Here we go again. Reports that the Obama administration is planning, without congressional authorization, a military strike against Syria represents a grim reminder of the fact that presidential usurpation of the war power, by Republican and Democratic presidents alike, has become a grotesque fixture in the life of America.
Executive aggrandizement of the power to initiate military hostilities, a virtually unbroken chain of constitutional violations from Harry Truman to Barack Obama, has been exacerbated by irresponsible editorials urging the president, not Congress, to punish the Syrian regime for its suspected use of chemical weapons against its own people.
If the United States is to unleash its military might against Syria, it is for Congress, not the president, to decide. Earlier this week it was reported that House Speaker John Boehner had not heard from the president on this matter.
Boehner should not wait to hear from President Obama what his decision on the use of force will be. The speaker should immediately send to Obama a letter reminding him that the War Clause of the Constitution (Art. 1, Sec. 8) grants to Congress the sole and exclusive authority to commence war, including lesser acts of military force.
If President Obama believes hostilities are warranted, he should make that recommendation to Congress. In sequence, Congress should engage in a solemn discussion and debate on the merits of initiating military hostilities. The president has no constitutional authority to make determinations on matters of war and peace. Without authorization from Congress, the president may not order the use of force.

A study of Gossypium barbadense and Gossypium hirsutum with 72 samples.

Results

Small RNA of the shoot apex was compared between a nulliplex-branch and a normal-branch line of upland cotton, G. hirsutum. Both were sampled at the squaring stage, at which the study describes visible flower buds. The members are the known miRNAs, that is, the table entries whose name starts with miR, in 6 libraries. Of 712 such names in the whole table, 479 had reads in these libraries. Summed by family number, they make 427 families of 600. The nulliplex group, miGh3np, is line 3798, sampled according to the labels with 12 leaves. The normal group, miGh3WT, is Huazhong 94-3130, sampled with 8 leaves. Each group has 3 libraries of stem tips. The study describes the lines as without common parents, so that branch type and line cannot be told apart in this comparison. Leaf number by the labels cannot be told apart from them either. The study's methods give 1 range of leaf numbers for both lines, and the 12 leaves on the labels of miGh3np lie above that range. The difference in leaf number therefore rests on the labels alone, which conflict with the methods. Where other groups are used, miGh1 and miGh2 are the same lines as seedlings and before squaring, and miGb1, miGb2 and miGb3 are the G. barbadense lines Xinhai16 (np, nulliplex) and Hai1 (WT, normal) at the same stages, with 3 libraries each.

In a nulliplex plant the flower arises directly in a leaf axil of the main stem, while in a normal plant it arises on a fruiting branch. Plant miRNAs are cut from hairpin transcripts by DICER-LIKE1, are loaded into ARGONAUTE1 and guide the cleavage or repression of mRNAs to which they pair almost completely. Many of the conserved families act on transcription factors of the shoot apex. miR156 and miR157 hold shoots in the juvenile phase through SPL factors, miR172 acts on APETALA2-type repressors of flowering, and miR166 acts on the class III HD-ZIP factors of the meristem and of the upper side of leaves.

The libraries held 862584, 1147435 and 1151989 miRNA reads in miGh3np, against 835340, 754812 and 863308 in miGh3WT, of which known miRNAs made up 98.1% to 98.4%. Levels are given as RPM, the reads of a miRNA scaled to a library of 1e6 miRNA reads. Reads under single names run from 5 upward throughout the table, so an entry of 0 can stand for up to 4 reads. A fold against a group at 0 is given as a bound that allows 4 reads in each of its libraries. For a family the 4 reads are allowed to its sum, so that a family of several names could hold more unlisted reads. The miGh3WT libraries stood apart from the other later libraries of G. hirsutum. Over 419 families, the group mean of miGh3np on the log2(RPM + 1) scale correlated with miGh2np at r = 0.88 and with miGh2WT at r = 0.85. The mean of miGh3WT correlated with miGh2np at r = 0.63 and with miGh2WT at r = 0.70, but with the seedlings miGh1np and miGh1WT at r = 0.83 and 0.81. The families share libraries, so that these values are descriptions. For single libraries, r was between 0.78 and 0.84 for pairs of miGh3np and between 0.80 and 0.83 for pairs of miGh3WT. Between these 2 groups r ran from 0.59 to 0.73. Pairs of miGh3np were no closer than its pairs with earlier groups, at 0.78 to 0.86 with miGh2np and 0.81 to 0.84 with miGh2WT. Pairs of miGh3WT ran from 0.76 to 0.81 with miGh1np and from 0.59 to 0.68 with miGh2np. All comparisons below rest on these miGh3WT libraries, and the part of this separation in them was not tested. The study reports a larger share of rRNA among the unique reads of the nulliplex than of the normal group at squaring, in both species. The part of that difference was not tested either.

For more than half a century, American presidents have claimed war powers not grounded in the Constitution. With few exceptions, members of Congress have acquiesced in the face of presidential usurpation of what is the most important decision-making authority Congress possesses: the power to risk the blood and treasure of the United States.
Congressional abdication of its responsibility to decide on this fundamental constitutional power is intolerable. Congressional representatives must require President Obama to come to Congress for authorization to use military force.
For those in Congress who claim to take the Constitution seriously, this is a critical test of their commitment to constitutional government and their oath of office. Partisan interests and party affiliations must be swept aside.
Congressional contemplation of the use of force is a grim responsibility thrust upon the first branch of government by the framers of the Constitution. To a man, they rejected the concept of a unilateral executive power to unleash the Dogs of War. Abdication of the war power, like abdication of the legislative power and the spending power, the framers believed, would lay waste to the principles of republicanism.
Much is at stake in the contemplation of the use of force anytime, anywhere. But the stakes are particularly high in the case of Syria. It will be difficult for America to avoid further entanglement once it unleashes its military arsenal against the monstrous regime in Damascus.
President Dwight D. Eisenhower, who understood that the Constitution entrusts in Congress the authority to decide on matters of war and peace, and understood the ravages of war better than most, wondered why a president would want to make a unilateral decision to go to war when the twists and turns of warfare might lead to disaster. Why would a president want to assume that responsibility alone?
If President Obama wont heed the Constitution, it is up to Congress to educate him.
David Adler is the Cecil D. Andrus professor of public affairs at Boise State University, where he serves as director of the Andrus Center for Public Policy.